Lublin – Pod Zegarem

In 1940, Gestapo in Lublin took over a civilian administrative building called Pod Zegarem (under the clock) because it had a clock at the top. Gestapo renovated the building and adapted it to its needs before it officially became Gestapo headquarter. The head of the Lublin Gestapo was SS-Obersturmfuhrer, Herman Worthoff. The ground floor and the floors above were used as offices and interrogation rooms. The basement was converted into a prison with 14 cells along a corridor, including three cells without light. Other cells were of varying size and with limited light and no heating. Most of those sent to Pod Zegarem had been imprisoned in Lublin’s castle or sent directly to the headquarter.

The interrogations began, as usually at nine o’clock in the morning, and the prisoners were taken to the second or third floor for interrogations. To force out confessions or concessions brute force and torture were used if necessary. Prisoners screams could be heard down to the basement and had a psychologically destructive effect on prisoners yet in the cells. Depending on various factors, a prisoner could be held for anything from one day to several weeks before being sent released or sent to another prison och camp. Not infrequently, the prisoners were severely injured as a result of the assault they had suffered. It also happened that prisoners died at the headquarter as a result of interrogation. When the Soviet Read army approached Lubin in July 1944, Gestapo abandoned the headquarter.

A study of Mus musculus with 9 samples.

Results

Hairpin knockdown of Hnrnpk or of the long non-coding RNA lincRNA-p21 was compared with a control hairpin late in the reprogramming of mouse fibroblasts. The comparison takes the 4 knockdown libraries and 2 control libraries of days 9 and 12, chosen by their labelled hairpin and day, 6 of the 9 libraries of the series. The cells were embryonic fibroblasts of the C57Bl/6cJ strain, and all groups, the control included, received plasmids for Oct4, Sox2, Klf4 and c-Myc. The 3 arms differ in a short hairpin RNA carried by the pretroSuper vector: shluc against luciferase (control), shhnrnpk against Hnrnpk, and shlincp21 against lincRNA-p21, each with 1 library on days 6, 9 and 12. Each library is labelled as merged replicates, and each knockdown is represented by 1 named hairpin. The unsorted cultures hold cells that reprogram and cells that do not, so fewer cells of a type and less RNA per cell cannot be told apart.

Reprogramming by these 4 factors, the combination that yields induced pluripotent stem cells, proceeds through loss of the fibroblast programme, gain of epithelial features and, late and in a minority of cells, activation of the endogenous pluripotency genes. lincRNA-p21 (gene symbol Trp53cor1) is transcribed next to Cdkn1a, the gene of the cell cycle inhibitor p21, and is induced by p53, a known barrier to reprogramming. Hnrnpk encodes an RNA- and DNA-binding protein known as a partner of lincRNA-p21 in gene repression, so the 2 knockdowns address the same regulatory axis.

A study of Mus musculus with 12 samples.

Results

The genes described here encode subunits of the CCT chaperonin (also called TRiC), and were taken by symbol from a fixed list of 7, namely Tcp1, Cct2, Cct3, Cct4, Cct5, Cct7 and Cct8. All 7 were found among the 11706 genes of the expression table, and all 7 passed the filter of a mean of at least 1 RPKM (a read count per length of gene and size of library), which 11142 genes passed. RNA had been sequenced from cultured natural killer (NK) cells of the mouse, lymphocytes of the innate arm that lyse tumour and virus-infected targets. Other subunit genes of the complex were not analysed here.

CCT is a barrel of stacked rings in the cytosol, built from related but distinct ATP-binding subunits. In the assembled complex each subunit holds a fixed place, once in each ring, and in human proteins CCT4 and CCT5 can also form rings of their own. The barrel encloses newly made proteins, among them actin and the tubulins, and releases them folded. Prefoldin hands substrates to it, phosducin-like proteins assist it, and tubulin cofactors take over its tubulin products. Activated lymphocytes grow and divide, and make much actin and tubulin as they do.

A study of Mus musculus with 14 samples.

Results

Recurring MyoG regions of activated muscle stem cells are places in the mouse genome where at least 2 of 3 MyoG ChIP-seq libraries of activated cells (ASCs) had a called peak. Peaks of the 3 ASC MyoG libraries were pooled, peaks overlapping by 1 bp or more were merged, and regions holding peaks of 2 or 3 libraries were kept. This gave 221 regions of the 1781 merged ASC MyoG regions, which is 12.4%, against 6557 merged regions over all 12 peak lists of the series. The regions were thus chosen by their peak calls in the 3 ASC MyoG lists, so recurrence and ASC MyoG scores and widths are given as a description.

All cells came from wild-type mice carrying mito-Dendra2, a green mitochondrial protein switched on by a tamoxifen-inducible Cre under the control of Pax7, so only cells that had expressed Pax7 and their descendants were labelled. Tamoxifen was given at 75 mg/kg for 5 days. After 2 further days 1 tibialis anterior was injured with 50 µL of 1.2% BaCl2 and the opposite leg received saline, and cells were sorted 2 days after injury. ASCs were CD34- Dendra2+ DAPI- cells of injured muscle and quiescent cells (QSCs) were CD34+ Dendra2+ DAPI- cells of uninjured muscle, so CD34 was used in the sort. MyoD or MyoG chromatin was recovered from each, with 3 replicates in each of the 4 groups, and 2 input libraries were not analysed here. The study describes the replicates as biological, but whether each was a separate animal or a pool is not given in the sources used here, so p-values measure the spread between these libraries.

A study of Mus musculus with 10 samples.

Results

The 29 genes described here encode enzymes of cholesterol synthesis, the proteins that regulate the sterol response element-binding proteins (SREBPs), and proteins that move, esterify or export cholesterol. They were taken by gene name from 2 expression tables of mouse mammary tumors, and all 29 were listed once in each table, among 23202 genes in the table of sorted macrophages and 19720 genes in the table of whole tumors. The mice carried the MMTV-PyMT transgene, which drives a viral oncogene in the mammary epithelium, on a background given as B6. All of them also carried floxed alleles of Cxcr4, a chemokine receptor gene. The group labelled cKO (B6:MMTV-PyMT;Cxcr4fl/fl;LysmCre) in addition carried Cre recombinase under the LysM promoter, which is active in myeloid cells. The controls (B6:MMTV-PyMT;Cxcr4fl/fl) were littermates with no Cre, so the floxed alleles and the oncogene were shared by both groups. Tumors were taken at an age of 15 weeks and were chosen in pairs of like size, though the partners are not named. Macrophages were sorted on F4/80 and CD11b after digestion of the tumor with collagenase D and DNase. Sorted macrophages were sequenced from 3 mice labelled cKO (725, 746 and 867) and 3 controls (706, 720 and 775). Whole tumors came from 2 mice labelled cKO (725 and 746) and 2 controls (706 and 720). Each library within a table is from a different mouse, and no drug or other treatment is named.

Current status: Preserved with museum (2013).

Address: Uniwerzytecka 1, 20-029 Lublin.

Get there: Walk from central Lublin.

My comment:

Pod Zegarem is preserved and in the basement there is since 1979 an interesting museum in the former cells.

Follow up in books: Höhne, Heinz: The Order of the Death’s Head: The story of Hitler’s SS (1969).